Learning new skills and knowledge is pivotal to development of individuals and to the wider society. The educational landscape has altered with technological advancements over the past century. We learn in various different methods today, as we would have done in the 20th century. We have come to rely more on technology for our learning experience rather than the traditional method of sitting in a classroom with X amount of students. The Internet has proven to be a rich source of information, which can be accessed at a click of button with your desktop or smart device.
The 20th century represented an era of knowledge transfer and students being textbook driven to reinforce what they had learnt in class. Practicing their knowledge by answering questions from a textbook or pre assigned from the teacher. Classroom activities were typically reliant on knowledge transfer with one teacher speaking with numerous students accompanied by a black board and chalk.
Students were typically required to work alone on projects and answer questions individually. The learning was designed to assess an individual’s ability and knowledge of each subject rather than ability to work as a team to collaborate and generate the superior project/answer.
In the 21st Century teaching has progressed to an engaging and collaborative environment within the classroom where students are encouraged to explore learning outcomes and develop a concept of their own. Students are often encouraged to work in groups and collaborate on projects or tasks.
Learning materials are becoming increasingly accessible online in the form of supporting materials and mock exams. Students are instantly gaining access to vital learning material to help them in their work. The Internet has brought a wealth of information at a click of a button. The classroom traditionally consists of one teacher, a group of children, a white board and a board pen accompanied by textbooks. The knowledge transfer happening within the classroom is typically not recorded whilst the student learning is dependent on their ability to take notes and understand what is required within the allotted time.
The learning environment is no longer solely within the physical classroom. Students continue their learning and development outside of the classroom on the World Wide Web.
Learning methods continue to evolve replicating the real working environment outside of the classroom. Tasks and assignments will become increasingly reliant on collaboration within real working environments designed to utilise the strengths and weaknesses of students outside of the classroom. Previously this may not have been possible outside of the learning environment due to the feasibility of all students having the ability to meet at a central location. However, the Internet brings tools designed to remove the need to travel allowing to meet and communicate in one central location without having to leave their place of residence.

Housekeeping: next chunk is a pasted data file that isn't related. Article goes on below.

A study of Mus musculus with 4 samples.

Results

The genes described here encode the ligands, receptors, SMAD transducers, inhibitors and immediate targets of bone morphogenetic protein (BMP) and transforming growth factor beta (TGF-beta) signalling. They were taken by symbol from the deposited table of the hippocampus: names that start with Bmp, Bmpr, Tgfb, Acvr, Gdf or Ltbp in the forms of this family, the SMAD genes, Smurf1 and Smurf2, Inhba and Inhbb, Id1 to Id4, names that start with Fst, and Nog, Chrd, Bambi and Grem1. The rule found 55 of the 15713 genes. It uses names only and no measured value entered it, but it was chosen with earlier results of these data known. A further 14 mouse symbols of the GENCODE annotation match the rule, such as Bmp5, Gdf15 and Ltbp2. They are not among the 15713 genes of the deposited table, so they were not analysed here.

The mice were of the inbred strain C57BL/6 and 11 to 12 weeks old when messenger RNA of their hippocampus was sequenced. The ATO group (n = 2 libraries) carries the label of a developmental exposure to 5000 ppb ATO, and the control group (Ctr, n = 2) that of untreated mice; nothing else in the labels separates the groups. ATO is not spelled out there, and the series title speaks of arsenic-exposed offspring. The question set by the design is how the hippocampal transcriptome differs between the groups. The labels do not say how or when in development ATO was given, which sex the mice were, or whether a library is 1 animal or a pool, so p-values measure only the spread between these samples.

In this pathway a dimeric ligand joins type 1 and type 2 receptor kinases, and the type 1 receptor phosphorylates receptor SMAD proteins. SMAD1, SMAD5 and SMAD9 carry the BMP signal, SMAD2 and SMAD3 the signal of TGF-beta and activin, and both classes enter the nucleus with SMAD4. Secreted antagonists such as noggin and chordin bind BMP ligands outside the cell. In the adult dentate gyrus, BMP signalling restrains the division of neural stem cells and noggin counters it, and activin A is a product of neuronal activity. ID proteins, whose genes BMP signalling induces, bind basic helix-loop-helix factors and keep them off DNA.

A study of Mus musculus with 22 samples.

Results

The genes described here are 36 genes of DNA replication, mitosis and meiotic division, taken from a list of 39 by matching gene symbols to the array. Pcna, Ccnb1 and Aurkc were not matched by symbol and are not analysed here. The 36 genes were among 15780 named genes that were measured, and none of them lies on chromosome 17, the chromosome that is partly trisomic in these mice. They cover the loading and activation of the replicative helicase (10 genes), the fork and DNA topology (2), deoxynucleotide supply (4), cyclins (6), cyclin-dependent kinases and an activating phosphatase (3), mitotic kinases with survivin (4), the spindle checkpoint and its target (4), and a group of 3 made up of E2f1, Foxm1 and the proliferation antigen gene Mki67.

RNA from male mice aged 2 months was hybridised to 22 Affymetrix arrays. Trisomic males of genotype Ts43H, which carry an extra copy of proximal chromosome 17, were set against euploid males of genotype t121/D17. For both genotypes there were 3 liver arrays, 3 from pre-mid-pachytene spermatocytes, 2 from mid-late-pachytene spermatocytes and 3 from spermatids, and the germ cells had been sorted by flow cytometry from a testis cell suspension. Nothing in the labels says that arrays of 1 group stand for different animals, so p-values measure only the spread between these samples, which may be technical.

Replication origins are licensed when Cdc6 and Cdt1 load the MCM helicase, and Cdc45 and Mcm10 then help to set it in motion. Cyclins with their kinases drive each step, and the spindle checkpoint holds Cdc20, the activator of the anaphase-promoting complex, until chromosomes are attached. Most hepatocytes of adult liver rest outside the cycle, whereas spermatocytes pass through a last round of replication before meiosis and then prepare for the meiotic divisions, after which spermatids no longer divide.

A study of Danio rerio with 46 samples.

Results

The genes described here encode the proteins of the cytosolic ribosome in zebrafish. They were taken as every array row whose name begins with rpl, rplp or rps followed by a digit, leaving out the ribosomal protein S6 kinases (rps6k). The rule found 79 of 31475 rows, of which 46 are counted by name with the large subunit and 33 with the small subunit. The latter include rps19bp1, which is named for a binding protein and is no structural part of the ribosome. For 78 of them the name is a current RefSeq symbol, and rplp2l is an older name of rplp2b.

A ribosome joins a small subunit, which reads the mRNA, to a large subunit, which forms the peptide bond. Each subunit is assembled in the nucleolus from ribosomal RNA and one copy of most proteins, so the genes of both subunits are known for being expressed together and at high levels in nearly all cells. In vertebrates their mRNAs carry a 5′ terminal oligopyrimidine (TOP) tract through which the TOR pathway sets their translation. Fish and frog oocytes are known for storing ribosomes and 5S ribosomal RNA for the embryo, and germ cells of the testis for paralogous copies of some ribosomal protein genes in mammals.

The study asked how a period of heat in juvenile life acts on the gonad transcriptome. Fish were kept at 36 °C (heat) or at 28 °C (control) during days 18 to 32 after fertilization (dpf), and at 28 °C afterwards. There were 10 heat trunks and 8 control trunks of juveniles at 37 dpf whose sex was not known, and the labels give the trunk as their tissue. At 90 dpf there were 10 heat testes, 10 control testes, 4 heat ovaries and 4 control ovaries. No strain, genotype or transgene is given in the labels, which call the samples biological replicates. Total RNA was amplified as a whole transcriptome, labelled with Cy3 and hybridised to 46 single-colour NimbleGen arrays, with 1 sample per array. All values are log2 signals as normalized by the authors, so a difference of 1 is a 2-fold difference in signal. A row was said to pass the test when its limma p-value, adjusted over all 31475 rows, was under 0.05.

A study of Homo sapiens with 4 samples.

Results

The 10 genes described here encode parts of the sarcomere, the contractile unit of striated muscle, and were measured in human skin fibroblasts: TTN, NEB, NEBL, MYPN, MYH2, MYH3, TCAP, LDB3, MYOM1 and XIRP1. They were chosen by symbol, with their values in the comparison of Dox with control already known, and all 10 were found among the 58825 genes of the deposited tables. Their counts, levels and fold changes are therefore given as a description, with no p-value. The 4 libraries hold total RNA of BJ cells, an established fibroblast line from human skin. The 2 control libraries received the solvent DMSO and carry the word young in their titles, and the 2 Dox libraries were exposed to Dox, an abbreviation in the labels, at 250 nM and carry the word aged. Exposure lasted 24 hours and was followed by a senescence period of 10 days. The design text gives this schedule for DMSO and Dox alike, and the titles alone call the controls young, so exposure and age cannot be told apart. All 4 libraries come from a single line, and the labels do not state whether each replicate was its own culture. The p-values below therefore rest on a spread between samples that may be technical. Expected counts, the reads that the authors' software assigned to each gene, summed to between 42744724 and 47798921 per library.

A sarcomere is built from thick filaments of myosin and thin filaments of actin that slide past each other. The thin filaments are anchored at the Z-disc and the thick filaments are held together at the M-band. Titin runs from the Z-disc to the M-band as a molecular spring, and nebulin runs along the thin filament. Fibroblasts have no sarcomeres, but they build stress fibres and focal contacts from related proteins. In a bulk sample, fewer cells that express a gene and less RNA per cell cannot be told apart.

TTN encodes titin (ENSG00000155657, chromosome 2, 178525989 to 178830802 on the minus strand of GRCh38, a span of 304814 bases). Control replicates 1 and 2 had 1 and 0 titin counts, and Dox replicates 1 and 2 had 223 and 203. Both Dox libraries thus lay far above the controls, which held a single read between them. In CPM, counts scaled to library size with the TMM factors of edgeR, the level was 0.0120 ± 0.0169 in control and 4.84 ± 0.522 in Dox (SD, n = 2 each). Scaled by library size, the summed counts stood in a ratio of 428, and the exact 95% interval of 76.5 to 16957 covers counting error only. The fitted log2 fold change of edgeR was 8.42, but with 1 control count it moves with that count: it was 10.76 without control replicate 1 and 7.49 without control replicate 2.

We increasingly see more courses going online and becoming an e-learning environment where distant learners have just as much flexibility as local learners. The Open University, in the UK, is designed to reach out to students who either struggle to meet traditional classroom hours or are incapable for one reason or another to attend a university lecture. The Internet has provided students with a direct route into education.
WebRTC begins to further the learning capabilities not only for distant learners but also for local learners. The capabilities of WebRTC provides an extensive learning experience beyond that of solely listening and/or reading. Students will have the capability to collaborate in real time on documents and projects. A tool such as the Drum widget can be embedded into any website or portal providing instant communication/collaboration functionality. The learning experience will evolve into a fully collaborative environment for students and teachers, available at a click of a button.
WebRTC will be the future of teaching and learning new skills.